What kind of holiday rental home costs $10,000 a day? Perhaps one set on a private Caribbean beach and kitted out with a personal fleet of boats and Wave Runners? An Alpine chalet, with postcard-perfect views of the Matterhorn from every window? Or maybe a personal spa, with a lap pool, hiking trails, a state-of-the-art gym--and an on-call personal trainer to make sure you use them?
The answer: yes, yes and yes. For today's new generation of well-heeled travelers--who are increasingly eschewing hotels for private rental villas -- the bar for luxe hideaways has reached dizzying heights. For a certain breed of jet-setter, home theaters, Ducasse-worthy kitchens and private bars stocked with top-shelf liquor are all de rigueur; what they're after are award-winning chefs ready to whip up personalized dinner-party menus or on-demand yachts with captains who know the best deep-sea fishing spots.
Somewhat ironically, this surge in over-the-topness could be considered a by-product of harder economic times.
"Before the global financial crisis there was a glut of high-end construction," explains Brian Sharples, founder of HomeAway, a network of villa rental websites representing 650,000 properties with prices ranging from a few hundred dollars up to $392,000 a week. "Many owners of luxury properties who were over-leveraged have now turned to rentals as a way to defray ownership costs."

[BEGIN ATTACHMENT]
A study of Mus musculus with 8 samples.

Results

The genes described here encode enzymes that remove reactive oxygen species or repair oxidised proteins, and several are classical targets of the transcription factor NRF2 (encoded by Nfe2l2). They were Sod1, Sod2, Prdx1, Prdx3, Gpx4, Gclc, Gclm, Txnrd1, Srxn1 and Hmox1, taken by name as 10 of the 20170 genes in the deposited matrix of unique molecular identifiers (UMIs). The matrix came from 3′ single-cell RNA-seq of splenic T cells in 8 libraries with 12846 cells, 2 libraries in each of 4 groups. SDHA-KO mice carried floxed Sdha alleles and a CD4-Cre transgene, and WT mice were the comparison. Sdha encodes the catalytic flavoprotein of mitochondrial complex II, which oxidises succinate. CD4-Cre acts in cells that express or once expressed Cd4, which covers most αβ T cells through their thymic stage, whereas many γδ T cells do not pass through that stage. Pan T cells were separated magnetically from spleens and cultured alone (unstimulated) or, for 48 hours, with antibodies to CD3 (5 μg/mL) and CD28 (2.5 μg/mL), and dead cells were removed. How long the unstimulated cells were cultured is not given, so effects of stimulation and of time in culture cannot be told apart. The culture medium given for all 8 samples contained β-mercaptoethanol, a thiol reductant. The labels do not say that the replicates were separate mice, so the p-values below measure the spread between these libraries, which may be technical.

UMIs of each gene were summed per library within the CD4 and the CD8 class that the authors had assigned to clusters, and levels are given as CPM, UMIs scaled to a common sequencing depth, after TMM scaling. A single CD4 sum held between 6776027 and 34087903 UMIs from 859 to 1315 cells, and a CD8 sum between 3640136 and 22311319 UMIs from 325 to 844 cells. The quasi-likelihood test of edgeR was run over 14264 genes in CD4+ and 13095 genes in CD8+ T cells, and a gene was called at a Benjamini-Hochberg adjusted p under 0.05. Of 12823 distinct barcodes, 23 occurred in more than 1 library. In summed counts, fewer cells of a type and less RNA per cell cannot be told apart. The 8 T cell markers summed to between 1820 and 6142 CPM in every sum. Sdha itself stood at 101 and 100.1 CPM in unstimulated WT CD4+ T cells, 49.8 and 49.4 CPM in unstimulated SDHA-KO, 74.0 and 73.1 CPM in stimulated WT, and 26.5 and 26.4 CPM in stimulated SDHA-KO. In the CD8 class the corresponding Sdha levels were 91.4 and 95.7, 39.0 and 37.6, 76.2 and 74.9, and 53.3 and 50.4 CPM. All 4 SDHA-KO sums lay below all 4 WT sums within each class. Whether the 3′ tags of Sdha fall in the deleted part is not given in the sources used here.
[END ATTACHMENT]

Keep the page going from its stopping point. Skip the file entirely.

The result is a super-competitive market where added extras like sports cars and ski equipment are as common as evening turndown treats in hotels.
While many of the world's most opulent villas lure guests with an array of cool toys (and we do mean cool -- how does recording studio equipment once used by John Lennon sound?), others deal in what may be the most coveted holiday-home currency: privacy. Is it any wonder that rock stars and royals duck the paparazzi by hiding out on islands like St. Barth and Mustique (particularly when there are homes like Shogun--set alone on a cloistered estate and reminiscent of a Japanese imperial palace, koi pond included)?
Of course, for those seeking true sanctuary, the right vacation villa is only part of the equation; the right staff is also key. (After all, a Viking stove isn't much use if you're a terrible cook; and 17,000 square feet seems like a lot, when you have to vacuum it yourself.) That's why many of the villas on our list come with phalanxes of personnel. Many also offer private transport--via luxury car, boat or helicopter--to zip guests anyplace they desire. But, really, when your home away from home is as outrageously opulent as these villas, why go anywhere else?